Increasingly tense times in Mozambique
Strike leader arrested and RENAMO skirmish
Things are getting increasingly tense in Mozambique – and the repressive response of the increasingly jittery authorities is only making things worse.
On Sunday, after a five-day national strike by doctors and other health professionals had brought the public health system to a standstill, the police arrested Dr Jorge Arroz – the leader and public face of the strike – on sedition charges.
Dr Arroz was released a few hours later thanks the timely intervention of the Law Society and the Mozambican Human Rights League and unprecedented public pressure – with a large crowd of doctors, activists, journalists and ordinary people surrounding the police station where he was being detained and demanding his release.
While it is a good sign that the police bowed to public pressure – and the dictates of law and reason – the arrest of Dr Arroz paints a seriously alarming picture about the trend towards greater repression and authoritarianism in Mozambique.
For a start, the police had taken threatening steps to prevent the striking doctors from meeting in public parks in Maputo by deploying heavily-armed police and cordoning off a number of places. Secondly, Dr Arroz was picked up while the government and doctors were engaged in negotiations to end the strike – a move that was clearly intended to intimidate him and his fellow doctors into ending their protest and going back to work.
But even more worryingly, Dr Arroz appears to have been arrested based on an old colonial era law, which was never even used during the civil war. Throughout southern Africa, countries – from Swaziland to Zambia – have turned to these archaic and repressive laws to suppress dissent. Mozambique now appears to have joined the club.
And finally, the Mozambican police claimed that they had arrested Dr Arroz because they had surveillance material indicating that Dr Arroz was about to commit an act of public disturbance, which could have serious consequences.
But this shocking defence of their indefensible actions also indicates something else – that the police are secretly spying (almost certainly unlawfully) on Mozambican citizens, who are engaged in peaceful and legal activities.
Indeed, at the centre of the strike is a simple wage dispute. Doctors take home between US$600-1000 per month – far less that customs and court officers. In January 2013, after a week-long strike, doctors and the government reached an agreement, which the doctors accuse the government of repudiating. They claim that the government had agreed to increase their salaries by 100 percent but only gave them with a 15 percent rise this month – triggering the strike.
The government claims it cannot afford more than that. And rather than sort things out peacefully at the negotiating table, the authorities clearly decided it was time to show Dr Arroz and his fellow strikers who was boss – a badly misguided decision given the outpouring of public support for Dr Arroz.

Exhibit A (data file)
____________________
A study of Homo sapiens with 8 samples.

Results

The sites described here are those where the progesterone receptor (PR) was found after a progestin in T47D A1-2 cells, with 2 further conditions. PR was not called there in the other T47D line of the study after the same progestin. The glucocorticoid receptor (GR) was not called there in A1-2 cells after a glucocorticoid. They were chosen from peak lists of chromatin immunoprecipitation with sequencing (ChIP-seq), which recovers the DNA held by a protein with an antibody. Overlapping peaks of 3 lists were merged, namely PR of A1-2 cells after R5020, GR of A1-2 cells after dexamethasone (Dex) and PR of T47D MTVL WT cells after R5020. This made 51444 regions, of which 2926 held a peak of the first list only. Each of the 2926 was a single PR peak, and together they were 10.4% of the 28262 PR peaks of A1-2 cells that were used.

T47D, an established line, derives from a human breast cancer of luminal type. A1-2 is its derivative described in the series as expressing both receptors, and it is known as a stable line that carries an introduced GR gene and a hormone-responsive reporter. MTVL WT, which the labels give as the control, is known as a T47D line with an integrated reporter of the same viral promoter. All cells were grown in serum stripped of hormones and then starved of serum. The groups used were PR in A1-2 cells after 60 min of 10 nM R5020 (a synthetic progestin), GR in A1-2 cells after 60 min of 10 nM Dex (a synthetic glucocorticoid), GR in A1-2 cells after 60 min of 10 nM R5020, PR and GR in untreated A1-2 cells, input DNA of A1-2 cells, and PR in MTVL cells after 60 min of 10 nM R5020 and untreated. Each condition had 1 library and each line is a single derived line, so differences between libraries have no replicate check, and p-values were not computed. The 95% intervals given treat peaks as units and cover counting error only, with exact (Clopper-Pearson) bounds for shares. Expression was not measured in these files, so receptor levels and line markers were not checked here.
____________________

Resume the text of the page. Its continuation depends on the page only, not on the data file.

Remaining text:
Meanwhile, the simmering tensions between the government and former RENAMO rebels are threatening to boil over again – after a bloody incident near Gorongosa. Guards working for the RENAMO leader, Afonso Dhlakama, claimed that they repelled an attack by Mozambican soldiers on Saturday, wounding 17 of them. There is no independent verification of this and the government is certainly downplaying the incident, claiming that the skirmish was trigged by shot fired by mistake and that the wounded were a result of a minor car accident.
Once again, the worrying event took place while the government was in negotiations – trying to peacefully iron out its differences with RENAMO, particularly in relation to the opposition group’s demands equality in the appointment of commissioners for the National Electoral Commission (CNE). The CNE is currently dominated by Frelimo thanks to its 2/3rds majority in Parliament and RENAMO has announced that they will boycott the upcoming local elections in November and general elections next year unless their demand is met.
RENAMO also points out – correctly – that all state organs and institutions, including the police, judiciary and army, are currently dominated by ruling FRELIMO party members. In fact, one cannot draw a line between the party and state institutions. And this allows the government to swiftly resort to repressive powers whenever it feels under threat.
And the party is definitely nervous. President Armando Guebuza, whose mandate elapses in 2014, has still not anointed a successor, spreading uncertainty and unsettling the party and the country. He, too, with his presidential days drawing to a close is growing increasingly intolerant of public criticism and – as this weekend’s events highlight – increasingly ready to send in the forces of ‘law and order’ to silence dissenting voices.
Dr Arroz is a case in point. As is the latest flare up near Gorongosa. And so was the use of military police to quell demonstrations by communities in Tete, who were protesting about the notoriously poor behaviour of the multinational mining giant, VALE, in its coal fields in the province.
And if this is not enough to convince people that the authorities are turning to the security services to protect them from their fellow citizens’ discontent – then you just need to look at recent budgets. In a country with high levels of acute poverty and where most people cannot access basic services, the government has allocated more funds to the security sector than to social services.